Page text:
Country living, for those at all interested in Nature Red in Tooth and Claw, provides evidence of same. We first found the obvious big bones: cow bones, from when this was a pasture, piled in the back corner of the place. Forensic evidence: more than one bovine, probably died elsewhere and the carcass dragged to this more remote spot for scavengers to take care of. Next came a deer shoulderblade with shreds of ligament and one leg bone nearby. Wounded, maybe, or small enough for a coyote to take. Gradually we found (and in come cases brought home) the skulls of gray fox, raccoon, feral cat...the shell of a turtle, and saw many bones we didn't bring back. We found fur, feathers, the scattered remains of small animals clearly taken by a predator, and once a cluster of vultures chowing down on a dead raccoon. Wary city dwellers, alert to the possibility of anthrax or tularemia from handling dead animals or even old bones. As part of our wildlife management duties, we kept some track of mortality (feline distemper got a lot of raccoons one year, as well as the gray fox family) and in some cases found a probable human cause (bloodstains in one raccoon's teeth indicating clotting problems, and quite possibly the result of one of the rat poisons.)
Not the skull with the stained teeth--most teeth here are gone. Found in creek woods in 2006.
However, we had not found the remains of domestic livestock other than the old cow bones. Until this week.
Two days ago, R-, who has been working fence all winter, found an unfamiliar animal skull--fairly large--on the fence line, the cleared area to either side of a fence in work. He thought, from the evidence of the teeth, that it was probably a pig of some sort (wild, domestic, feral, cross?) but had no experience with pig skulls previously. Just---what else has tusks top and bottom that stick out at an odd (for other animals) angle, both upper and lower incisors, and plenty of big complicated molars at the back of the mouth?
Yesterday, he brought the skull back to the house, and by that time I'd been online looking up skulls in the whole pig family. (There are times the internet is wonderful; this was one. By the time he arrived with the skull, I had at least a general idea of the difference between a domestic pig skull, a wild boar skull, and a feral wild boar/domestic pig cross skull. Also a Vietnamese pot-bellied-pig skull. So this is the skull, all in one glance.
Note the shape of the front of the skull (to R)--neither straight nor deeply indented.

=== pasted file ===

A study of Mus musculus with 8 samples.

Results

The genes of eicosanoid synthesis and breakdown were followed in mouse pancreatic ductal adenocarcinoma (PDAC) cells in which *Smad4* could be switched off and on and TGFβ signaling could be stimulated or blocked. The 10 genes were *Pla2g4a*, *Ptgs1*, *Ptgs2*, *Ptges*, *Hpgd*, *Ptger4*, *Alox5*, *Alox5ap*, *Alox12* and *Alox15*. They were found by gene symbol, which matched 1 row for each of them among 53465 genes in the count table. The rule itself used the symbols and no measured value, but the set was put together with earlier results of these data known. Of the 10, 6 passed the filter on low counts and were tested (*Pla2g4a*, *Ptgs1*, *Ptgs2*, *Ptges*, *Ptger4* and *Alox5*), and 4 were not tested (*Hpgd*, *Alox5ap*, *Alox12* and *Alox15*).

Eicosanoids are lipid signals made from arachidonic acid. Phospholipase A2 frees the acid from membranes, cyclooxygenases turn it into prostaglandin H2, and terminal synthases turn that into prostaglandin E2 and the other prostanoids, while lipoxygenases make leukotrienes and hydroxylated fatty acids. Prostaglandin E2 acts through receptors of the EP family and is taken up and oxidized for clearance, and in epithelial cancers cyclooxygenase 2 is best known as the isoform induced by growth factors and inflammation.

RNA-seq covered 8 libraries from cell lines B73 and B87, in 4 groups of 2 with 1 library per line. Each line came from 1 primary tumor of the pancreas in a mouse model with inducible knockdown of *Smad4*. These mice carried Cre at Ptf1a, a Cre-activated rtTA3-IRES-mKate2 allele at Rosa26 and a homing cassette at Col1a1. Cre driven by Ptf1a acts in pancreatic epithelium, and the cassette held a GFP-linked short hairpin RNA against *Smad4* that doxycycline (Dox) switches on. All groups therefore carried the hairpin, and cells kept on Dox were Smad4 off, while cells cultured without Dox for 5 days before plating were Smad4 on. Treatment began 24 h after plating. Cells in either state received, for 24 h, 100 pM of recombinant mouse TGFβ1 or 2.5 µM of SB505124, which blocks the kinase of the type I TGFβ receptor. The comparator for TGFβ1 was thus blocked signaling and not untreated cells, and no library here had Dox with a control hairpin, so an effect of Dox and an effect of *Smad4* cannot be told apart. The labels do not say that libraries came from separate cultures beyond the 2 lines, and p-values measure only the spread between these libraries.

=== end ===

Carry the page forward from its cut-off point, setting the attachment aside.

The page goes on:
R- had noticed that the skull sutures were not fully fused, indicating (as in humans) a young animal. But still pretty big. Not a baby pig you'd keep in a shoebox. I photographed the dentition, upper and lower, concentrating more on the front of the mouth, so I could look for wear marks on the tusks and the incisors.
Lower jaw. Tusks show wear, so have been used for rooting. Lower incisors are relatively straight, very thick, like chisels Upper jaw: Note in-pointing incisors, like little shovels. Tusks show wear near tips--from rooting or pushing brush & rocks aside--but also from rubbing against lower tusks, the self-sharpening mechanism. This is not a mouth you'd want some part of your body caught in.
This pig's head was severed from its body by a sharp tool--an axe is most likely, but it might have been a heavy cleaver, from the marks it made on one of the cervical vertebrae. Our first thought was a saw, but there were none of the telltale back and forth grooves: the blows of the tool made clean, but uneven, marks. Since we had not seen signs of rooting, or pig tracks, or pig scat, in the woods, our guess is that this is the head of a pig killed elsewhere, possibly just thrown out after butchering, and brought where it was found by one of the local predators or scavengers--or somebody's dog, for that matter. We think it is a cross between a true wild boar and the domestic hog, not someone's livestock show project--the skull profile suggests quite a bit of wild hog because it's not straight, but it's almost so...the long, straight profile fits the wild boar and more indented, concave profiles fit domestic breeds.
An interesting find, anyway, and since we already knew there are feral/wild hogs causing havoc only a short distance away, we'll be on the alert for "sign."